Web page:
Nissan showed off its next-generation electric vehicles to dealers this week, previewing its future lineup. The automaker presented three new EVs, including a successor to the LEAF hatchback, a performance sedan that could take the Maxima’s place, and a third electric model.
Nissan shows three new EVs to dealers
Top Nissan executives were shown about a dozen new and updated products, according to Automotive News, as Nissan moves to electrify its lineup.
The automaker is expected to kick off its EV campaign around 2025, with dealers being informed that it plans to launch 27 electrified models by 2030, including 19 all-electric vehicles.
Nissan previewed three new EV models expected to roll out in the next few years. According to the report, the LEAF successor will be a crossover-style coupe. One dealer described it as a “mini-Ariya.”
Dealers were told it would offer 25% more range than the current version, indicating around 265 miles of range (compared to the 60 kWh battery on the Nissan LEAF SV Plus).
The second EV shown was a performance sedan that, the report notes, could replace the Nissan Maxima. Dealers were also shown an electric crossover SUV built on the dedicated CMF-EV platform used for the Ariya EV.
Last month, Nissan’s supplier production schedule revealed plans for two new Nissan and Infiniti electric sedans starting in 2025, followed by a pair of electric crossovers at its Canton assembly plant the following year.
Sticking to a hybrid strategy
Despite previewing three new EVs, dealers were also shown Nissan’s upcoming ICE lineup. CEO Makoto Uchida committed to investing in both ICE and EV, sticking to a hybrid approach like its Japanese rival Toyota.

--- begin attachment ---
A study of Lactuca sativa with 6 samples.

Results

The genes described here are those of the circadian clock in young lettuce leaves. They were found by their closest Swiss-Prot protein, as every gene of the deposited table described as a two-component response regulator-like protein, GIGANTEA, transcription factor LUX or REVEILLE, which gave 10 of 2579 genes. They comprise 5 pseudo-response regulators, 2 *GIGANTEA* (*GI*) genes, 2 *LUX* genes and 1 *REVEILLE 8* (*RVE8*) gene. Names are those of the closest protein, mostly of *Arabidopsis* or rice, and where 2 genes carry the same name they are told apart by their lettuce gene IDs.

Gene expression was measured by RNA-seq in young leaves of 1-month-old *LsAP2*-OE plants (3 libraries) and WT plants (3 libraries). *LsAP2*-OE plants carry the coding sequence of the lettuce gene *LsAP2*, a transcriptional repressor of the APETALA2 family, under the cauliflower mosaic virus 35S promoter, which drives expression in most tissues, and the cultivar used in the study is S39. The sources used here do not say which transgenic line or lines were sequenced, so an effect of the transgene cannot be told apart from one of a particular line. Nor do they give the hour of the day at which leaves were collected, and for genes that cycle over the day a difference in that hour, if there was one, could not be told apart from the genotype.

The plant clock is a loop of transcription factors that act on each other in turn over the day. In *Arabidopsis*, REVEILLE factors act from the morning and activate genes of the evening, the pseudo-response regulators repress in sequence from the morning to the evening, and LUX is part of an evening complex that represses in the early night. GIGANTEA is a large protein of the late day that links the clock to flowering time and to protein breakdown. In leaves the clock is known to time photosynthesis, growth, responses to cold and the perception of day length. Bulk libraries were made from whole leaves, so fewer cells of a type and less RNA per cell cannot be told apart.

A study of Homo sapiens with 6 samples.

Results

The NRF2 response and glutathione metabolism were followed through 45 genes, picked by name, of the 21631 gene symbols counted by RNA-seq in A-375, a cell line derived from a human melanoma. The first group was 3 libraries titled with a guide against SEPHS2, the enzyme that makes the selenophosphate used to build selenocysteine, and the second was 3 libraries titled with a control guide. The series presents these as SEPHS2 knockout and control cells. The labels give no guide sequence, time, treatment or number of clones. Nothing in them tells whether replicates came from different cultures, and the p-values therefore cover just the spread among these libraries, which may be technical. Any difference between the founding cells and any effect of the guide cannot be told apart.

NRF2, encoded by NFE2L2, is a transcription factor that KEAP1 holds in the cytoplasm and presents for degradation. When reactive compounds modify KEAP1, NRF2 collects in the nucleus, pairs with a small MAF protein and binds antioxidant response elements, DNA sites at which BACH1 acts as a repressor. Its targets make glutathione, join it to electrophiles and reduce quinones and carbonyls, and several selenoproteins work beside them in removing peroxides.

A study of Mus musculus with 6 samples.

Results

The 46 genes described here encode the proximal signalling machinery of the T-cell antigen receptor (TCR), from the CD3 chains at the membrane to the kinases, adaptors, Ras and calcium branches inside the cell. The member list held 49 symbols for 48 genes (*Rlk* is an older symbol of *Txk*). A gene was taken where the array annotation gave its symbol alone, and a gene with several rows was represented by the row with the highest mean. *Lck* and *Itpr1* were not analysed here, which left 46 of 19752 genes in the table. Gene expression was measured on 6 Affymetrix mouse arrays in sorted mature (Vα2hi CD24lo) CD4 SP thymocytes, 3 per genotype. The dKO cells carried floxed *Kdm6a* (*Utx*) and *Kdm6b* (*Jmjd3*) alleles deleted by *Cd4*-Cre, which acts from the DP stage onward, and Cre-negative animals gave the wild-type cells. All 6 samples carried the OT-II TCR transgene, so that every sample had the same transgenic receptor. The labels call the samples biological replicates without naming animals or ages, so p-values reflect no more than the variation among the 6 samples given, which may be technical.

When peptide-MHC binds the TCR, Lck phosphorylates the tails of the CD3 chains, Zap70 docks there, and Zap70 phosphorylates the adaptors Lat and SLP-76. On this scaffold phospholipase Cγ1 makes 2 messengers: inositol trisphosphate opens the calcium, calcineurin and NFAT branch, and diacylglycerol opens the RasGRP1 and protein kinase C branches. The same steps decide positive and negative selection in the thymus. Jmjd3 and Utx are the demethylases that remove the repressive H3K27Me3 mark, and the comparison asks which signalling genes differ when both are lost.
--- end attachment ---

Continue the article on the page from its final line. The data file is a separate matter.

Nissan said it will bring its e-Power series-hybrid tech to the US in the second half of 2026. The technology, introduced in Japan in 2016, uses an electric motor to power the vehicle’s wheels but still uses a gas engine to charge the battery.
Also, like Toyota, Nissan touted details about the solid-state batteries under development. The automaker says the batteries are smaller and can provide 100 miles of range in 15 minutes via fast charge. Nissan plans to begin pilot production at its Yokohama plant next year.
Although Nissan was once seen as a pioneer in electric vehicle tech with the release of the LEAF, the automaker has fallen behind the past several years.
The LEAF, released in December 2010, was the best-selling EV for several years. However, most automakers have caught up, releasing all-electric models of their own.
Nissan has failed to update the LEAF over the years, leaving the market wide open for the taking. It took over a decade to release its second pure EV, the Nissan Ariya, which is already outselling the LEAF in the US.
Despite plans to accelerate EV production, Nissan is sticking to a hybrid approach, which only delays the inevitable. If Nissan revealed these EVs three or five years ago, it could be lightyears ahead of the pack. But instead, Nissan insists on a diversified approach.
The LEAF is in need of a replacement, with sales slipping consistently, but it should have been done several years ago, not in another two years.
Rather than focusing on increasing EV production and meeting demand, Nissan will have its hand in several segments, making it even harder to transition in the long run.